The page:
77

      John and Barbara Milligan of Syracuse get energy audit from Isaac Heating and Air Conditioning representative.

      For Barbara and John Milligan of Syracuse, paying for heat causes constant headaches.

      "Anxious. I think everyone has noticed and our bills have been higher," says Milligan.

      The Milligans share that pain with the rest of Central New York, as utility bills skyrocket during a colder-than-normal winter season.

      Steve Brady, spokesman for National Grid says there are two explanations. One is the obvious explanation, that people use more electricity and natural gas in the dead of winter.

      "The compounding factor is on the supply side. The actual energy itself whether it be natural gas or electricity, the cost of those is up in many cases fairly dramatically over previous winters," says Brady.

      To deal with increased usage and rising costs, the Milligans turned to Anthony Romantini with Isaac Heating and Air Conditioning.

      "I would say probably 95 percent of the homes I go into they have the potential to save at least a couple hundred dollars. Even if it's not much it's still something to put back in your pocket," says Romantini.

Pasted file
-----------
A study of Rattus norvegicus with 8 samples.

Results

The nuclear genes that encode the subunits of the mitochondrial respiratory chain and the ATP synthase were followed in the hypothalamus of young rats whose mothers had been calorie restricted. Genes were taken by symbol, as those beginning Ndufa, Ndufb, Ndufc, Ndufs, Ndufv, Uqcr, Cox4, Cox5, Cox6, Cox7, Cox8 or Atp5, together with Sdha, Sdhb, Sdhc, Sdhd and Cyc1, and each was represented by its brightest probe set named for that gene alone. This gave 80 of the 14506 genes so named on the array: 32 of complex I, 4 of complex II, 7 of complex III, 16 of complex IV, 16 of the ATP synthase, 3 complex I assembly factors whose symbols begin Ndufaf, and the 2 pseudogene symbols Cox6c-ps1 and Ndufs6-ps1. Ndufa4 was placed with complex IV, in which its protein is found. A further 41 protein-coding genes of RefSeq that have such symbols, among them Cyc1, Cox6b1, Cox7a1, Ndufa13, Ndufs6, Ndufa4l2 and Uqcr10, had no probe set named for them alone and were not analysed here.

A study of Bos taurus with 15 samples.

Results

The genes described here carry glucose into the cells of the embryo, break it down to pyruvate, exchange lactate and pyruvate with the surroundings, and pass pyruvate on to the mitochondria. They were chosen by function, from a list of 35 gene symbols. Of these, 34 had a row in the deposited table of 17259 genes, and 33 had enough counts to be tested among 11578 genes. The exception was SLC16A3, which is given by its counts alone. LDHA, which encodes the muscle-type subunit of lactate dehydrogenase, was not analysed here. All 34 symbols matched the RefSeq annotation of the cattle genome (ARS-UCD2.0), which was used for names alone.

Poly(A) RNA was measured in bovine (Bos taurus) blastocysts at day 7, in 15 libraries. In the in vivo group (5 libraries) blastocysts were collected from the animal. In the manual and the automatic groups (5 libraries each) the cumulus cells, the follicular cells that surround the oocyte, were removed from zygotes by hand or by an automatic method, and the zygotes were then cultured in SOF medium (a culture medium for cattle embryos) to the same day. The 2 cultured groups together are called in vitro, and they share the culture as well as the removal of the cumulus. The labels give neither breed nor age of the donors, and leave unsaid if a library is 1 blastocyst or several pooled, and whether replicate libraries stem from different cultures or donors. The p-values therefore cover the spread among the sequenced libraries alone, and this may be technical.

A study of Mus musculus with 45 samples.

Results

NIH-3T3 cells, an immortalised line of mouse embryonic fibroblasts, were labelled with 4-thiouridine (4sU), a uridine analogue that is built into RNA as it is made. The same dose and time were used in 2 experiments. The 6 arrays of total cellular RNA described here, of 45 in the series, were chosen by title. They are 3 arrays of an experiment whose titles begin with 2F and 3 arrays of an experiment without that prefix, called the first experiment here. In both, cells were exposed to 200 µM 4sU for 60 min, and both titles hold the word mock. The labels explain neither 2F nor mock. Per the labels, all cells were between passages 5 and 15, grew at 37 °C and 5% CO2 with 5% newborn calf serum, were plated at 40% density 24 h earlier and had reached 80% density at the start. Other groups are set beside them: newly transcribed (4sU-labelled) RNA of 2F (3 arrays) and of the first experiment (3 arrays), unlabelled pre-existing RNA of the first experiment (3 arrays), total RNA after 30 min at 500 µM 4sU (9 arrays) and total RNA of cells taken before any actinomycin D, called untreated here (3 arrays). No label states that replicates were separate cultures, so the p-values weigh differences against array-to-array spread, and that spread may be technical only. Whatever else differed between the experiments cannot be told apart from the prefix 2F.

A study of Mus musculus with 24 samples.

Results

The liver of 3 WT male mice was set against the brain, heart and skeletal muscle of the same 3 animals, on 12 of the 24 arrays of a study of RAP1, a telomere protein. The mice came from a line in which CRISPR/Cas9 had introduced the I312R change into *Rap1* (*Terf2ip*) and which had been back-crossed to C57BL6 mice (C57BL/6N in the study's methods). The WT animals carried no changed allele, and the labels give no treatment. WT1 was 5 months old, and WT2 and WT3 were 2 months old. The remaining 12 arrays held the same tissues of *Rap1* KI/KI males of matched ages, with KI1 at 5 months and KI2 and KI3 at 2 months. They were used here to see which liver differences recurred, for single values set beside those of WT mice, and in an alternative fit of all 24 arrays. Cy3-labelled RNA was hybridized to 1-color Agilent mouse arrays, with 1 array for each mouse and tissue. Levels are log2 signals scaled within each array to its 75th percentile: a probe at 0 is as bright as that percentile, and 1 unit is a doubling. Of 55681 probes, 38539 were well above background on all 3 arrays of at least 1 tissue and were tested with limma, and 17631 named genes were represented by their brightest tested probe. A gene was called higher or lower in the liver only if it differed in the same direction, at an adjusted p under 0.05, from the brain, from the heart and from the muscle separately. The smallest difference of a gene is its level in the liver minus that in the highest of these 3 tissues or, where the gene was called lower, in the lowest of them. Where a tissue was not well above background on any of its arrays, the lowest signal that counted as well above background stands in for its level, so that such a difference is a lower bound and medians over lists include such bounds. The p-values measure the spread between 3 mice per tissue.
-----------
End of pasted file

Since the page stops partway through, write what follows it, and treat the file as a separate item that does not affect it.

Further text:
With a thermal imaging camera, he quickly found where the cold air is and determine which areas can be sealed to keep it out.

      A simple way to keep the warm air inside your home is to take a look at your outlets. You can get an insulation pad to put behind the outlet and then a child safety plug to put in each one. That will keep the hot air from going out and the cold air from coming in.

      National Grid is doing its part too. In an unprecedented move, the utility company is freezing its electricity price at January's level and spreading out price increases this month throughout the year.

      For now, homeowners like the Milligans are doing what they can to stay warm without burning a hole in their pockets.